New Shrew: Texas Tech University professor Robert Baker has named Notiosorex cockrumi after his PhD supervisor. Baker discovered the shrew in 1966, but only recently confirmed that it is not the same species as N. crawfordi , which shares its home range in Arizona’s Santa Rita mountains. Cute little sucker (but don’t let that fool you: shrews are savage). Photo credit: Robert Baker, Arizona University.
Beleaguered Bongo Being Brought Back By Biologists: the last wild mountain bongo is thought to have died on Mt Kenya in 1994, but the species is not extinct thanks to hunter-turned-conservationist Don Hunt. Between 1970 and 1980, Hunt established a breeding program in the US that saw the captive population climb from the 20 he caught to around 400. On January 20, 18 bongo from the US joined 17 others at the Mt Kenya Game Ranch, where it is hoped that they will establish a semi-tame breeding pool with which to re-establish a wild population. If this story doesn’t bring a lump to your throat, you’re a serious hardass. Sniff. Photo credit: Mount Kenya Animal Orphanage.
Missing Monkey May Still Survive: no picture, sadly, as Miss Waldron’s red colobus (Procolobus badius waldroni) is just too damn rare. Anthropologist Scott McGraw and colleagues declared it “probably extinct” in 2000, but shreds of evidence have rekindled hope that the species may survive in remote corners of the Ivory Coast. McGraw has a photograph, a skin and a tail, all of them collected in the last few years. Hunting and destruction of habitat have brought the Miss Waldron’s to the brink; if they have in fact pushed it over, it will be the first recorded primate extinction in 200 years. Apart from being a shitty thing to do, that’s a bad sign for the region because primates are extraordinarily adaptable, and the local ecology would have to be in really bad shape to have killed one off.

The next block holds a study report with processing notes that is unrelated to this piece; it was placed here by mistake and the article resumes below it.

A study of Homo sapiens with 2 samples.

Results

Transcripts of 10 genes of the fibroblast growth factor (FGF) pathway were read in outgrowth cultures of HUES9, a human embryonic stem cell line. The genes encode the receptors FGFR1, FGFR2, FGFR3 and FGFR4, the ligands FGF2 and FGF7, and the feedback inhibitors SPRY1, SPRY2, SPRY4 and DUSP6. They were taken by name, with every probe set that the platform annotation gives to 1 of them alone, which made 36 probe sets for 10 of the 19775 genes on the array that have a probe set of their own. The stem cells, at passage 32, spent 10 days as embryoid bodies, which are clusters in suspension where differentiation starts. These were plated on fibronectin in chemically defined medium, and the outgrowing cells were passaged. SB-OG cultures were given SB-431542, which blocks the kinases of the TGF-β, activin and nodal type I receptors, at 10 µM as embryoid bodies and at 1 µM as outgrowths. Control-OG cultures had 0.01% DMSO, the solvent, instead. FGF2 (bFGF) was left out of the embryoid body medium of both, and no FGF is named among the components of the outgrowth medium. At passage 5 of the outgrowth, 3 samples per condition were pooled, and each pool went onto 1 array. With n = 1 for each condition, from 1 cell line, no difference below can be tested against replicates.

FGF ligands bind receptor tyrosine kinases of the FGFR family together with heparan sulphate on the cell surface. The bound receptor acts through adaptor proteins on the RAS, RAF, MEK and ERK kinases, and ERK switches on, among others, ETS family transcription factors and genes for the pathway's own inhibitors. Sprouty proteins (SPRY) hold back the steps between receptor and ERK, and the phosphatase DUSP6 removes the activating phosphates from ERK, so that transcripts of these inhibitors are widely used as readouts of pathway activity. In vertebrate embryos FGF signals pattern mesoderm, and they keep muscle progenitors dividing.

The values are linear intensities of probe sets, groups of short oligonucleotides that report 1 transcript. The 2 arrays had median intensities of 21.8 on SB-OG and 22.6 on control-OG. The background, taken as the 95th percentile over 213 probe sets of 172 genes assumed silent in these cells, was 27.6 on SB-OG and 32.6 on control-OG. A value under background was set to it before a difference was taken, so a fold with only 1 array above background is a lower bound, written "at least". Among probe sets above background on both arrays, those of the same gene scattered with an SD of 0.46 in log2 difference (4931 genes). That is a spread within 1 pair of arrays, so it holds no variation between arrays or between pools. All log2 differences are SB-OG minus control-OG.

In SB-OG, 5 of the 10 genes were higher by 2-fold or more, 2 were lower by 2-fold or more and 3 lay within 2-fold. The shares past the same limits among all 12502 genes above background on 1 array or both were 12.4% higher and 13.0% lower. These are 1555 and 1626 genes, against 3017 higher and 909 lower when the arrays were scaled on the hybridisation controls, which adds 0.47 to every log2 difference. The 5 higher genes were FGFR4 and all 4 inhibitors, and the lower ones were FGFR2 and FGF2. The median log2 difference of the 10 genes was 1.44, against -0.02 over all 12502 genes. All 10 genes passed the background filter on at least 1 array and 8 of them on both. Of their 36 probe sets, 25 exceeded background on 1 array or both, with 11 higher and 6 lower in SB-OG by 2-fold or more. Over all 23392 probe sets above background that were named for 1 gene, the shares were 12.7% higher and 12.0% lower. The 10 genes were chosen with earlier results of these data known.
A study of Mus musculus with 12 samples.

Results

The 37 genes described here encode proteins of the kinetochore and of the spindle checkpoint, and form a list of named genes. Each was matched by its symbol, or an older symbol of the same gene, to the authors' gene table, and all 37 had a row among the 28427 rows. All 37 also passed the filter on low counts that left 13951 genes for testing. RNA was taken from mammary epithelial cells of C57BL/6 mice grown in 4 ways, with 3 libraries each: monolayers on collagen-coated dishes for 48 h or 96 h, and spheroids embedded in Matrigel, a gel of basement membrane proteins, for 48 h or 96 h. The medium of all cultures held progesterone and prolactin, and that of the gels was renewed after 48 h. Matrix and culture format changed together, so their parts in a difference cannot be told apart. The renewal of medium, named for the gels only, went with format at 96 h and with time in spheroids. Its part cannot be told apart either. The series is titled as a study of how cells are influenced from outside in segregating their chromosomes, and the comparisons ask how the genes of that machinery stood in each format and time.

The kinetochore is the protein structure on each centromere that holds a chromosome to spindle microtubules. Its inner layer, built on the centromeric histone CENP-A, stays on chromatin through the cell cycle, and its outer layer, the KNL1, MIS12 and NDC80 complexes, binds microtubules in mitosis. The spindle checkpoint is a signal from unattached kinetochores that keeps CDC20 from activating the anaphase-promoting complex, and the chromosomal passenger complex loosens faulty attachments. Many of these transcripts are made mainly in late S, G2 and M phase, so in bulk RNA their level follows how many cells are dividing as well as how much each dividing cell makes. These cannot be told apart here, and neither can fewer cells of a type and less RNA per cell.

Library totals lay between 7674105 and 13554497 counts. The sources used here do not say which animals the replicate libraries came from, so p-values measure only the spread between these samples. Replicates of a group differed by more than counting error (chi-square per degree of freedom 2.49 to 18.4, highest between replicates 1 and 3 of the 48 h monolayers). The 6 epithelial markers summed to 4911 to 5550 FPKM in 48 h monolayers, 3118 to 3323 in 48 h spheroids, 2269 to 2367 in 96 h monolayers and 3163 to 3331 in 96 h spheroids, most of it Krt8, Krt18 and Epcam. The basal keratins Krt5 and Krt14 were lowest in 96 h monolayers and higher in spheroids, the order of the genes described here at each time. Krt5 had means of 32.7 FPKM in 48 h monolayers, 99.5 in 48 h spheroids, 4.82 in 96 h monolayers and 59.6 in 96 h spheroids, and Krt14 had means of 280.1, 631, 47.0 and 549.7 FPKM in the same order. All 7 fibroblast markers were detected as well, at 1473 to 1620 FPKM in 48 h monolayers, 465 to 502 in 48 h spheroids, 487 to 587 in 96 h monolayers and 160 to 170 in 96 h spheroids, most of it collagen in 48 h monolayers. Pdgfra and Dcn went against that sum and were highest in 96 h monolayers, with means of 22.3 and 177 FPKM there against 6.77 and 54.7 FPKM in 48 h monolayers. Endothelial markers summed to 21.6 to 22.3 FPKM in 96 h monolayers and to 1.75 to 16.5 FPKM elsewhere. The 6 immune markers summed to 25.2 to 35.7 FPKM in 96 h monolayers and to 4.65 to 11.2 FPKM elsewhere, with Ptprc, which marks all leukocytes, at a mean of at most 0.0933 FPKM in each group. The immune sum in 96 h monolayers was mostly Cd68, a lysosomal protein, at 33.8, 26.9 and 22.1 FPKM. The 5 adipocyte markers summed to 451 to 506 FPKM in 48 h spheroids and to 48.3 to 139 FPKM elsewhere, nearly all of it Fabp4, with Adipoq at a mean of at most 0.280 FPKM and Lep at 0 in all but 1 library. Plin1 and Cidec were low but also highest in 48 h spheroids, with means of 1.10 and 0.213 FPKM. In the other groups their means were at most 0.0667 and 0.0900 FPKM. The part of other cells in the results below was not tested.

Several Species in Shark Decline: once the most commonly caught sharks in the region, oceanic whitetip and silky sharks have almost vanished from the Gulf of Mexico, according to biologists Julia K. Baum and Ransom A. Myers. Their study (Ecology Letters Feb 2004: vol. 7 pp. 135-145) compared 1950s and 1990s catch rates data and concluded that the whitetip, silky and mako shark populations in the Gulf of Mexico have declined by 99, 90 and 79 percent, respectively. The study has drawn extensive criticism; oddly enough, the critics cited work for the National Marine Fisheries Service and the Blue Water Fishermen’s Association. The photo shows an oceanic whitetip (credit: Monterey Bay Aquarium).
Someone Otter Do Something: for reasons that remain unclear, the northern sea otter (Enhydra lutris) population of southwest Alaska has declined to the point where the United States Fish and Wildlife Service is listing it as “threatened”, one step away from “endangered” under the Endangered Species Act. The Alaskan population was nearly eliminated by 1911, when an international treaty banned hunting; by the 1980’s almost half of the world’s northern sea otter population lived in southwest Alaska. Since then, the population has declined by somewhere between 50 and 70 percent. Photo credit: Friends of the Sea Otter; more info available from biologicaldiversity.org.